Get more with myNEWS
A personalised news feed of stories that matter to you
Learn more
An electronic board displays the latest stock transactions outside Exchange Square in Central, Hong Kong. Photo: May Tse

Hong Kong to allow 5 types of Big Tech firms to list as HKEX pushes ahead with latest reform to become tech fundraising hub

  • Pre-revenue Big Tech companies that have a valuation of at least HK$15 billion (US$1.9 billion) can apply to list
  • Cloud, semiconductor, autonomous vehicles, new energy and new food technology firms qualify to raise funds

Hong Kong plans to allow five types of pre-revenue Big Tech companies to raise funds from next year, according to a proposal unveiled by the bourse operator on Wednesday.

Hong Kong Chief Executive John Lee Ka-chiu highlighted in his first policy address the biggest reform in four years to promote the city as a listing hub to fend off competition from Singapore.
Confirming a South China Morning Post report last week, Hong Kong Exchanges and Clearing (HKEX) will create new listing regulations for pre-revenue Big Tech companies that have a valuation of at least HK$15 billion (US$1.9 billion) to raise capital.

The valuation could be cut to HK$8 billion if the companies have earned at least HK$250 million in revenue in the last financial year leading to the listing, the HKEX said in a consultation paper that will collect views over the next two months before implementation next year.

Pedestrian walks under a huge screen showing Hong Kong Chief Executive John Lee delivering his first policy address on Wednesday. Photo: May Tse

The exchange will consider five types of Big Tech firms – specialist technology companies – that qualify under the new requirements. These include companies in hi-tech sectors such as cloud computing and artificial intelligence, as well as those in the advanced hardware sector covering electric and autonomous vehicles, semiconductors and metaverse.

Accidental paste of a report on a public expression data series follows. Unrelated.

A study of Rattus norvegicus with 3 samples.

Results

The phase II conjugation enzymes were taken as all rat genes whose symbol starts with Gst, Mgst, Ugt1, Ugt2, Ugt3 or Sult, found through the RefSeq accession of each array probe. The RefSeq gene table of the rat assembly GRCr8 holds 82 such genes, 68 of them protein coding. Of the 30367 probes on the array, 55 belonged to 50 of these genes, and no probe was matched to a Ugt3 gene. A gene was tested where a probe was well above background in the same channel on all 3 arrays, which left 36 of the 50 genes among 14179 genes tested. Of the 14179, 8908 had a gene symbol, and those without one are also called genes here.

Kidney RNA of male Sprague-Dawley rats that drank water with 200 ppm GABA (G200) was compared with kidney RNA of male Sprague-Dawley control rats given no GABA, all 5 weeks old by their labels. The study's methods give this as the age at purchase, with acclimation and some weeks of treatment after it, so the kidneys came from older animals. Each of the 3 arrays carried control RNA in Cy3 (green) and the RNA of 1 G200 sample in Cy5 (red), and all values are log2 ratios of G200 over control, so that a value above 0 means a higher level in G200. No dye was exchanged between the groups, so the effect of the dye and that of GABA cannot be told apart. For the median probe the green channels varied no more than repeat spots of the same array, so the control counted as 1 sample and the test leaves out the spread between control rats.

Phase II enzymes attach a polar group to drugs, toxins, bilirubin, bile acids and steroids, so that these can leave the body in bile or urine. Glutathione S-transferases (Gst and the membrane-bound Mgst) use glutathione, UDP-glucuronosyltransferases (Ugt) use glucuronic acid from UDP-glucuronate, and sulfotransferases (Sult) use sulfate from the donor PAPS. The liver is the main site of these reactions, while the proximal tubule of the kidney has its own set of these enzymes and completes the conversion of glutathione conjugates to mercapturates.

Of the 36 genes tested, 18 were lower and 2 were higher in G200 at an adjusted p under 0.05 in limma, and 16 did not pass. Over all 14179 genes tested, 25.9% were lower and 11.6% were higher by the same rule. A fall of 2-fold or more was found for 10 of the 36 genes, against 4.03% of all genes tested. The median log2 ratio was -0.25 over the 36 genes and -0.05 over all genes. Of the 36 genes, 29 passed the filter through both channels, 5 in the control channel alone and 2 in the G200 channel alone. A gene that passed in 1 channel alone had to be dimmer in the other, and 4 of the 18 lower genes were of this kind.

Companies in new materials, new energy and new food and agriculture technologies are the others.

“We have taken into account the unique features of these specialist technology companies,” said Bonnie Chan, head of listing of HKEX, noting that they have relatively higher risks compared with other listing applicants, as they are in the relatively early stages of technological development.

The exchange will allow retail investors to trade in these companies and also allow institutional investors to have a bigger say in determining the pricing during the initial public offering process.

It also set a higher minimum public float for these companies of at least HK$600 million, compared with HK$125 million for normal companies and HK$375 million for pre-revenue biotech firms.

“We believe our proposed rules strike the right balance between upholding market quality and creating a commercially viable chapter that meets the fundraising needs of the leading companies of tomorrow,” Chan said.

A normal IPO applicant needs a minimum valuation of HK$500 million, with at least HK$80 million in combined profit from the last three years preceding the listing. Unprofitable applicants need at least HK$4 billion in valuation, with at least HK$500 million in annual revenue to qualify.

This is the largest listing reform in four years since the HKEX allowed companies with multiple voting rights or pre-revenue biotechnology firms to list since April 2018.

The Chamber of Hong Kong Listed Companies welcomed the listing regime for Big Tech firms.

“The chamber has been advocating opening up Hong Kong’s stock market to pre-profit fast growing tech companies, many of them will be from the mainland,” said Mike Wong, the chamber’s CEO.

“It will generate mutual benefits for both sides, with Hong Kong supplying capital to fuel the growth of the mainland tech sector while at the same time benefiting from the potential technology.”

Virginia Lee, partner at the legal firm Clifford Chance, said this was a game-changing initiative.

“This initiative will encourage more innovative and new economy companies to pursue a listing in Hong Kong and increase the accessibility of the Hong Kong market,” she said.